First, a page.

Alnitak, Alnilam and Mintaka. These three prominent
stars in the central regions of the constellation of
Orion align to form the 'belt' of the Hunter.
The identification of these three stars as a belt is a very old one. The Arabic names of two of the
stars reflect this: Mintaka means 'the belt' and
Alnitak means 'the girdle'. (The name of the third
star, Alnilam, means 'the string of pearls'.)
It has been suggested that the three Belt-stars influenced the placing of the Pyramids at Giza,
and it is certainly true that there is a remarkable correspondence of position between the Pyramids and the stars.
The three stars that make up the Belt are all immensely hot, massive and
luminous bodies, of the brilliant blue O- and B-type
spectral classifications. Both
Alnilam and Alnitak are
supergiants, and Mintaka, while not quite as massive as its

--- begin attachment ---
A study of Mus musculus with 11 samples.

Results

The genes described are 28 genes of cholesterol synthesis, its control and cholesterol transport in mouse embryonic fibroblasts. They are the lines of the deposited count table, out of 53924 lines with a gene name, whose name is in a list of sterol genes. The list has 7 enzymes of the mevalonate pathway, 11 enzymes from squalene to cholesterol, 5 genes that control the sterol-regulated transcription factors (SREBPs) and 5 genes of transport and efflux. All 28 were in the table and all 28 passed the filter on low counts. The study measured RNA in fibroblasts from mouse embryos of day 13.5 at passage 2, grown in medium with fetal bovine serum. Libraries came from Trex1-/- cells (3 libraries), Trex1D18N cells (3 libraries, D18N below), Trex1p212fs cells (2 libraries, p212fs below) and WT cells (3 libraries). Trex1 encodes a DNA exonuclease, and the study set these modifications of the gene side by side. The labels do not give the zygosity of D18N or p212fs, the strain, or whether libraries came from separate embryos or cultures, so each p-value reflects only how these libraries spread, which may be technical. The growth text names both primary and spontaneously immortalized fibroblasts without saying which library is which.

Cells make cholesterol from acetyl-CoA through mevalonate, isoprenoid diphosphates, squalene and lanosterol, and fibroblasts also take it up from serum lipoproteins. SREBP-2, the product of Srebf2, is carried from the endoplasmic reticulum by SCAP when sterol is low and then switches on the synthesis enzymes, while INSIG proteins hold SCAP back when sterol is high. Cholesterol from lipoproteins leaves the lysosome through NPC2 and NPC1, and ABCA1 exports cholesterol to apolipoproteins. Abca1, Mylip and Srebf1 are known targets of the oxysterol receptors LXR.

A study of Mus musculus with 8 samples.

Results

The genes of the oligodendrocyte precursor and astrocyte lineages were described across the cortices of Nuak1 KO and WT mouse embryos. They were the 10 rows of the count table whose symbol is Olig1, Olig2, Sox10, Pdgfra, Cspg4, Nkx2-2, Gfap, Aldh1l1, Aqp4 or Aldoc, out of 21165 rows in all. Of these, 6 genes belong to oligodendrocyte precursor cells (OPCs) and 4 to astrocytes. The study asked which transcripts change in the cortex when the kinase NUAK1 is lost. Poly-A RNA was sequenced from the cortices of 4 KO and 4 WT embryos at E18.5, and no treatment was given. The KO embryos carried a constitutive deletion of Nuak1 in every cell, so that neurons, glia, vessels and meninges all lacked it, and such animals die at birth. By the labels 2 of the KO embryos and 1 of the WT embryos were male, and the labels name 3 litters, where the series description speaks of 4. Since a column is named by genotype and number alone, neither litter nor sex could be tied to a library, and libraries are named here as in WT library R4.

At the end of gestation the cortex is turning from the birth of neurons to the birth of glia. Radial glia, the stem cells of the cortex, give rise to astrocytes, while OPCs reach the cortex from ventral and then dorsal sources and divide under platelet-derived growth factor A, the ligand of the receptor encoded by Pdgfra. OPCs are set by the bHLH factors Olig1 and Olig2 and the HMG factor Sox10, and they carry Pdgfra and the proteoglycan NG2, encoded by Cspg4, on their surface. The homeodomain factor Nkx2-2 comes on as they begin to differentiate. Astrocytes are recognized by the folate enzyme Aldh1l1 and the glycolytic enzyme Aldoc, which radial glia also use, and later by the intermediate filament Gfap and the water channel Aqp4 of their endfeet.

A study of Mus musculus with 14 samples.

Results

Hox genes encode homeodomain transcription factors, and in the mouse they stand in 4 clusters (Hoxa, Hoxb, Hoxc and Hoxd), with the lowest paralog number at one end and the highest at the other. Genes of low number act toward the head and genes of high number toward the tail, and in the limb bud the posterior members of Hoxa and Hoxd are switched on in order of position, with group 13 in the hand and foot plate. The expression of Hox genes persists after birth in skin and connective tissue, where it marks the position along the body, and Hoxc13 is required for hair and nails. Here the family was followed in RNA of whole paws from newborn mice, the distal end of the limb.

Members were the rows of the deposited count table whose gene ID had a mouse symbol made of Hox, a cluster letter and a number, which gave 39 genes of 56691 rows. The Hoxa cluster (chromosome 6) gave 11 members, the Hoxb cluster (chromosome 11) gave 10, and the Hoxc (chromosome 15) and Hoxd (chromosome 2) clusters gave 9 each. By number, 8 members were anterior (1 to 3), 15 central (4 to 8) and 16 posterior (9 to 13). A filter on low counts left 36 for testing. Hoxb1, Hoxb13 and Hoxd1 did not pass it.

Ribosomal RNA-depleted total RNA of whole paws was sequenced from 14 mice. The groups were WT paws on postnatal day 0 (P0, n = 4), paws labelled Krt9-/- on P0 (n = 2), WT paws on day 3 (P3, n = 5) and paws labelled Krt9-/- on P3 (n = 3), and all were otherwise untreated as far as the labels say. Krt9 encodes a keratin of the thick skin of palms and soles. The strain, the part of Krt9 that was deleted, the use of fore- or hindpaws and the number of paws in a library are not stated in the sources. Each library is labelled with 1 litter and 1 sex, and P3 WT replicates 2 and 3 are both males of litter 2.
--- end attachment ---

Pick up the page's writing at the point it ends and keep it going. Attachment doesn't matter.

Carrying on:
companions, is still a true giant.
The linear alignment of the Belt is a line-of-sight effect that conceals somewhat the true relations of the stars
making it up. In fact, the stars at either end of the Belt, Alnitak
and Mintaka, are the closest together in space: Alnitak is a
little over 700 light years from Earth, and
Mintaka about forty light years closer. The central
star, Alnilam, is much more distant than either of these,
lying on the edge of the Orion Molecular Cloud nearly 2,000 light years from the
Alnilam is the most massive and luminous of the three
stars, so that despite its greater distance it still shines more brightly
than its two companions. If the three stars were the same distance away,
Alnilam would easily outshine the other Belt-stars. It is about
10,000 times more luminous than the Sun.
Like much of its parent constellation, Orion's Belt
is a highly nebulous region of the sky. This is especially true in the direction of Alnitak, where
numerous nebulous structures are found. The most famous of these is undoubtedly the
dark Horsehead Nebula, a dark cloud blotting out the light from the red-pink streak of IC 434.
Also occupying this region are the less well known Flaming Tree Nebula
(NGC 2024) and the so-called Lump Star (NGC 2023).